Space

Scientists Spot First 'Sunquake' of the Current Solar Cycle

Sunspot activity is intensifying on our neighborhood star, increasing the likelihood of some of the most powerful tremors known.

The intensifying solar cycle we currently find ourselves in has already given us a tornado on the surface of the sun, as well as the most powerful flares seen in years. Now researchers have spotted the latest instance of another powerful solar phenomenon. 

sunquake-strip

The ripples of a sunquake are visible in this image from 1996.

NASA

"We have just detected the first sunquake of Solar Cycle 25," Alexander Kosovichev from the New Jersey Institute of Technology tells Spaceweather.com. "It rippled away from the X1.5-class solar flare of May 10, 2022." 

As the name suggests, sunquakes are episodes of seismic activity on the sun similar to an earthquake on our planet but much more powerful. Studying sunquakes could help scientists understand the relationship between sunspots and how they produce strong solar flares. 

First discovered in 1996, sunquakes accompany some but not all solar flares and typically contain about 40,000 times the amount of energy released in the famed 1906 San Francisco earthquake. Just like an earthquake, the tremors ripple through the interior of the sun, but with a mysterious difference. The compression waves accelerate up to 250,000 miles per hour as they move through the sun before suddenly disappearing.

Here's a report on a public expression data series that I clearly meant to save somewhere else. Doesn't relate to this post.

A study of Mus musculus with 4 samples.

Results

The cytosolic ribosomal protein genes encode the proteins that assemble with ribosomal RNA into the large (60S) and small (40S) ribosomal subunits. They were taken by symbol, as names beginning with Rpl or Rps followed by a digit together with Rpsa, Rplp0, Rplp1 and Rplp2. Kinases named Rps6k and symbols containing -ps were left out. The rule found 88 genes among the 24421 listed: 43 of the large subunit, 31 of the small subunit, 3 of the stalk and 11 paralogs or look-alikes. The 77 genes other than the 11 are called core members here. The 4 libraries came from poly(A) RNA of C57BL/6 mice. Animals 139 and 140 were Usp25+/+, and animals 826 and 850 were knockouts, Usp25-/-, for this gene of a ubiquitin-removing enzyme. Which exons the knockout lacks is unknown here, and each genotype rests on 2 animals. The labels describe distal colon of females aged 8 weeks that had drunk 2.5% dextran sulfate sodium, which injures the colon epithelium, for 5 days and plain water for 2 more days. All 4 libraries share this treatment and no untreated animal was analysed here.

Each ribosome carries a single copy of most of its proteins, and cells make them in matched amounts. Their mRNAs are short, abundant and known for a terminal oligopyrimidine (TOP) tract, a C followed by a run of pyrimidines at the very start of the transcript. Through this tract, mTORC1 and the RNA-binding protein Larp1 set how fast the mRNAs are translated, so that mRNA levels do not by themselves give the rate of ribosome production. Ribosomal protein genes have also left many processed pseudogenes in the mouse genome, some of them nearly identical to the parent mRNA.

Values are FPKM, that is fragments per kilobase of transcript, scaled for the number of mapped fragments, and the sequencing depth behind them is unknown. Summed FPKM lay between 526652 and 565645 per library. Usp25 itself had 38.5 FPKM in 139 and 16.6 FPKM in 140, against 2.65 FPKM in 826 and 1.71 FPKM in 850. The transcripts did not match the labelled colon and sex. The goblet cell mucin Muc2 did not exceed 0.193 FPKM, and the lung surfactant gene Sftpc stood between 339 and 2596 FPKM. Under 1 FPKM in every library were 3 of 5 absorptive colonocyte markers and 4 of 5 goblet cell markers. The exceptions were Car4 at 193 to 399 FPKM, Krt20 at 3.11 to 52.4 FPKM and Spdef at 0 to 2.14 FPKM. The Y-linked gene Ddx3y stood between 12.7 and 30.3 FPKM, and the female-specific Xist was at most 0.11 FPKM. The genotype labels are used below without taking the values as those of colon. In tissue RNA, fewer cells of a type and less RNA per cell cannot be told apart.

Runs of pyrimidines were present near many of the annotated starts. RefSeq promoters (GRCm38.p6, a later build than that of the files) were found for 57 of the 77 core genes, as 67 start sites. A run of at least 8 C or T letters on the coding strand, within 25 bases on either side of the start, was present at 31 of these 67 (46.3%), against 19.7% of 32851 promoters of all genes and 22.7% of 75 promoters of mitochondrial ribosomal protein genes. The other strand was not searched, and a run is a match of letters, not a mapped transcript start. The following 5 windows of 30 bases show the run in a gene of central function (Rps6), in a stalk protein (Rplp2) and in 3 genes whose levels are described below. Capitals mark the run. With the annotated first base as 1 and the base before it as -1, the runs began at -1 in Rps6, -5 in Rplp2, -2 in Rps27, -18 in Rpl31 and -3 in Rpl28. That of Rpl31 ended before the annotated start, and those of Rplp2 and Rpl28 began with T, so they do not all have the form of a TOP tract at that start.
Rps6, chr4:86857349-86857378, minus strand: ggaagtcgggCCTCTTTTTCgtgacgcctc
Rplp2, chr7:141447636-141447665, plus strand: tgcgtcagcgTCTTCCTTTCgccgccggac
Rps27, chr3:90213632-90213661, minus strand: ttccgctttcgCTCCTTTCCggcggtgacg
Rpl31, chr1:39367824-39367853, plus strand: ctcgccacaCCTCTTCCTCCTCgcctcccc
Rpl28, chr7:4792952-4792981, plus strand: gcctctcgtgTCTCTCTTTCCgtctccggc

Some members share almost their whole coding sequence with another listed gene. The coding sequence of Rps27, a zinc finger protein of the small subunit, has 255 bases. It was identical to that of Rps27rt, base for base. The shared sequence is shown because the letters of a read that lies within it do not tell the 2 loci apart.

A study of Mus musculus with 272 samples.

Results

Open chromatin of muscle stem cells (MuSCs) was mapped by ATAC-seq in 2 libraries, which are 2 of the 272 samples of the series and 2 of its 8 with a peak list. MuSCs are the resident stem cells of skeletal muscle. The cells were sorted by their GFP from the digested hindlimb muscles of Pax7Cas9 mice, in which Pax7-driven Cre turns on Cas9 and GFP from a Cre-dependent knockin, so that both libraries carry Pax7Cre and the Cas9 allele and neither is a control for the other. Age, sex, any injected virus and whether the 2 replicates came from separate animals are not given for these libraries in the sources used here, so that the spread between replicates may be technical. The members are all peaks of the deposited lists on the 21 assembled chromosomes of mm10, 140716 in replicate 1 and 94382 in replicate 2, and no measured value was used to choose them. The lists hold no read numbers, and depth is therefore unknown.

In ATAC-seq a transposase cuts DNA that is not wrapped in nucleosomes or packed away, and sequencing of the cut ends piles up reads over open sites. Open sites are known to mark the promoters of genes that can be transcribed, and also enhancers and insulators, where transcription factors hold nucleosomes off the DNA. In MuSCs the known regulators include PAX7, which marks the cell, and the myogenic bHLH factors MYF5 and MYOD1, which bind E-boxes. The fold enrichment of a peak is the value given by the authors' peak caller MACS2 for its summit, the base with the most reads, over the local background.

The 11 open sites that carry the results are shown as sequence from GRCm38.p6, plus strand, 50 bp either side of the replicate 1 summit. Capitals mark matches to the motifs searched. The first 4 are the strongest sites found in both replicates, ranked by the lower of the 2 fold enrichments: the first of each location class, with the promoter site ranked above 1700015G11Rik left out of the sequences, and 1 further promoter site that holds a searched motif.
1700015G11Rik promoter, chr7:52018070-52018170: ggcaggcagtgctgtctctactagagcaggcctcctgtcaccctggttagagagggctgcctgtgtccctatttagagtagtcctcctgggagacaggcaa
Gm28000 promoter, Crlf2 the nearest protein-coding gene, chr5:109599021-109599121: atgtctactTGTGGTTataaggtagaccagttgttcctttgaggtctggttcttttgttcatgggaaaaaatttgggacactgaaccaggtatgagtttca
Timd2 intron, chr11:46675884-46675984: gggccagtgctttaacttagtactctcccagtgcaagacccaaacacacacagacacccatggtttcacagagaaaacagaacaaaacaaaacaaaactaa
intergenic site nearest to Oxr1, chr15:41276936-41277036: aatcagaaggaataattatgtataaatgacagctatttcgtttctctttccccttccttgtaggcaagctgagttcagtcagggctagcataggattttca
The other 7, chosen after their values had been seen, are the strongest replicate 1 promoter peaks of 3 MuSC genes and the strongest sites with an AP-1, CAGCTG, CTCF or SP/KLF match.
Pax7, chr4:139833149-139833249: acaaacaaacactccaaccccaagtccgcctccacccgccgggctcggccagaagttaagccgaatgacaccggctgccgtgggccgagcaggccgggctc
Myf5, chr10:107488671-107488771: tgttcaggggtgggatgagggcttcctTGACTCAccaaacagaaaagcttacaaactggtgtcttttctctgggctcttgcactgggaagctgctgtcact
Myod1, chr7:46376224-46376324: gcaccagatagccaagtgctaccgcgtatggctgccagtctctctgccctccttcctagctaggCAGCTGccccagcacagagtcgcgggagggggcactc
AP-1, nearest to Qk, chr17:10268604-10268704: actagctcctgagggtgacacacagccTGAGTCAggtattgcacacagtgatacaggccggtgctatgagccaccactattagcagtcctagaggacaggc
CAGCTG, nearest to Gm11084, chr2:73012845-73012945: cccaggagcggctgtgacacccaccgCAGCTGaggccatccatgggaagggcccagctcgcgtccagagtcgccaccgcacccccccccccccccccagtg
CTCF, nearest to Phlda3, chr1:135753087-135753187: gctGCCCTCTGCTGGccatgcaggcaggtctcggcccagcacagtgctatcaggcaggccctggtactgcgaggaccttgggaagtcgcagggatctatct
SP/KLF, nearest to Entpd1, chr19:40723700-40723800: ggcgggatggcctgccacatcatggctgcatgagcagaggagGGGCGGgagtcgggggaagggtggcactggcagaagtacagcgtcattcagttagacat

Kosovichev points to the below dopplergram captured from NASA's Solar Dynamics Observatory in which the ripples of Tuesday's sunquake are just barely visible.

Radar imagery of the first sunquake of solar cycle 25.

NASA/SDO

"The ripples are nearly overwhelmed by turbulence," he explains. "This is why it took us so long to discover them."  

The sun undergoes a roughly 11-year cycle in which sunspot and flare activity intensifies to a peak before falling again. Currently we are in the rapidly intensifying part of the cycle, which means we can expect more sunquakes in the next couple years.